How the pandemic has affected social care? What's different now and where should we focus on now and in the near future?
An overview of Adult social care services by our Head of Adult Services, Christine Warner:
The COVID pandemic has made us all stop and think!
To date, I have spent 32 years working in adult social care, both as a social worker and senior manager. During that time, I have seen various changes and faced many challenges which have tested both my reserve and the ability to change and adapt.
Then out of nowhere, COVID-19 enters both our home and work lives wreaking havoc, an experience most of us have never known. Like many people during lockdown I have had a great deal of time to consider, assess and evaluate the problems we are facing in Adult social care and how we as a company can reach out confidently to our Health & Social Care partners.
The pandemic has given us all the opportunity to think more creatively on how we meet the demands of the current situation and what Adult Social Care will look like after the pandemic.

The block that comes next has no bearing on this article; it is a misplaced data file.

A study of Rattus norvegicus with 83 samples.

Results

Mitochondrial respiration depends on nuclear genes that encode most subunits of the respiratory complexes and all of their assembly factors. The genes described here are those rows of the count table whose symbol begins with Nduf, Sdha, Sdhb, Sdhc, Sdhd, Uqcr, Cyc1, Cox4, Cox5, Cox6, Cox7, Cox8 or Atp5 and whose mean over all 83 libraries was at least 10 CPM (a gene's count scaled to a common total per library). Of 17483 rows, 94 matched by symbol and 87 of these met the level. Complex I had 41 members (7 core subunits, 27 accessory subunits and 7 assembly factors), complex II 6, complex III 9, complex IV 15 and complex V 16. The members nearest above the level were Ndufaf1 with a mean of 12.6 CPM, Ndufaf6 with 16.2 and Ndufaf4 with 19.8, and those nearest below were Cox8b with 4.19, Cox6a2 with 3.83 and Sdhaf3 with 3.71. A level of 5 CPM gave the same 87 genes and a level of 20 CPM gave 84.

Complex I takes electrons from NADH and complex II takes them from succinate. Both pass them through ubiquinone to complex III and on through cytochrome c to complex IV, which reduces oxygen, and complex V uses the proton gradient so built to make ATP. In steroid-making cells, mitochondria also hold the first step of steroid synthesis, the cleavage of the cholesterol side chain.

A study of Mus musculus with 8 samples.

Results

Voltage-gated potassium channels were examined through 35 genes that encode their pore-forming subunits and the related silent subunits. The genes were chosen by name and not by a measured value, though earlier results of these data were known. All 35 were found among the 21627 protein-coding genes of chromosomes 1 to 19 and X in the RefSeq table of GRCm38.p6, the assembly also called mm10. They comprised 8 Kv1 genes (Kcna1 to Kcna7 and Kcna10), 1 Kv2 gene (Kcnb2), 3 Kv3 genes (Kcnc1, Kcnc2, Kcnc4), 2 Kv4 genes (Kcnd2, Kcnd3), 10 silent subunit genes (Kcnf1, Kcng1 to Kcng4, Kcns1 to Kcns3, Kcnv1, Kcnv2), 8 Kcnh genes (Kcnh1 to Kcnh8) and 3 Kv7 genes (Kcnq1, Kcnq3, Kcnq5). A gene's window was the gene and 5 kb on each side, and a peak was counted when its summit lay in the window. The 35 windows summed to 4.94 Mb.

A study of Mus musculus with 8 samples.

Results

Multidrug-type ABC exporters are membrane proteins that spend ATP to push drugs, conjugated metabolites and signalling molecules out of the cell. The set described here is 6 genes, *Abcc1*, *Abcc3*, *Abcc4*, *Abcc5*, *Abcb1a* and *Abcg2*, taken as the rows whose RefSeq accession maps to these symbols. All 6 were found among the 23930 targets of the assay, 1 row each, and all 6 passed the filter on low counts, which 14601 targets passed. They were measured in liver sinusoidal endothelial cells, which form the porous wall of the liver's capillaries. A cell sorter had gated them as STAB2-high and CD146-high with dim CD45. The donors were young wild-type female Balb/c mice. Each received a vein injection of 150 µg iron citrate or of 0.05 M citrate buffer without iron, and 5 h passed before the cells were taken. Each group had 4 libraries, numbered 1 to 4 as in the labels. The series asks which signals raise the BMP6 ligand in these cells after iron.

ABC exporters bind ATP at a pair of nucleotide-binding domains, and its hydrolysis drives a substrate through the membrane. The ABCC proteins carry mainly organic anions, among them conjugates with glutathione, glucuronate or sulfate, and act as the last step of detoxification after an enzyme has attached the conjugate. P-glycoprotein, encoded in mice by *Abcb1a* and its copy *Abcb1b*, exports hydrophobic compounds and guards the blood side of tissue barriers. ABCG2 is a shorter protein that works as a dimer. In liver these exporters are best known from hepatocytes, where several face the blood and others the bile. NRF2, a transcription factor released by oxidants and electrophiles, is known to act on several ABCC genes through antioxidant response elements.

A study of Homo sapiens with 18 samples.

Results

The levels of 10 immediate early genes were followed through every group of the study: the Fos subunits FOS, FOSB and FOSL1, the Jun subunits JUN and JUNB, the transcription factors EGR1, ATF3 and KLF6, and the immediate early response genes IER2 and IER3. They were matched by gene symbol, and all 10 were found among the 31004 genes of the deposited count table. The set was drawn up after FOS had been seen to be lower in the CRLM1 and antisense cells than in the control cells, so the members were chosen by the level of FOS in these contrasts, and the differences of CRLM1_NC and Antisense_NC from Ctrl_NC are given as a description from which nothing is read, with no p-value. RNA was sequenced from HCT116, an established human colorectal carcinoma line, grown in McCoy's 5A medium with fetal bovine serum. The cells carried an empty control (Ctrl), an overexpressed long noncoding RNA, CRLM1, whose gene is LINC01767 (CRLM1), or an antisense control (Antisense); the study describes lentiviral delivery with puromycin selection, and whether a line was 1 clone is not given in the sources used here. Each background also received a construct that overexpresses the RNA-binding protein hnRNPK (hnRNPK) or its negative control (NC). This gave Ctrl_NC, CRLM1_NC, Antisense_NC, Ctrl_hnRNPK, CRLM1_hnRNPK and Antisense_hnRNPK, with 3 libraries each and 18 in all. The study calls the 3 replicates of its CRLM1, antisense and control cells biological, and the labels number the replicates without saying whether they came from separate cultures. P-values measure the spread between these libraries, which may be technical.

It has made me think more about not what we do now, but how we do it? Can new ways of working achieve the same quality outcomes? This was my challenge!
This time of crisis has not only helped us to look to the future, but it has also given us confidence in the services we offer, ensuring that we maintain and develop bespoke services that are ready to meet both the current and future demand.
For me as a Head of service working in this very competitive market, I have found this time extremely thought-provoking and inspiring. Whilst our health & social care colleagues have been working extremely hard caring for those suffering from the virus, it was also apparent to me that there were still hundreds of vulnerable people out there in need of care, support and reassurance in the form of social work services.
During the last 4 months, we have been fortunate enough to have worked with several of our partner organisations where we have tested some of our newly established recovery services such as remote DoLS assessments, hospital discharge and welfare checks.
The results to date have been extremely positive for both us and our partners. This COVID-19 journey has been an extremely difficult one for everyone particularly for carers, the NHS workers and more importantly those people who have lost a loved one. It is hoped that with partnership working and our recovery model, we can reach out to those who need us most.
It must be acknowledged however that none of this success would have been achievable without the great support network within ICS Assessment Services. The success of these projects is down to our relationship managers, project co-ordinators, social workers and quality assurers who I would like to say a huge thank you to. You are all amazing & truly inspiring!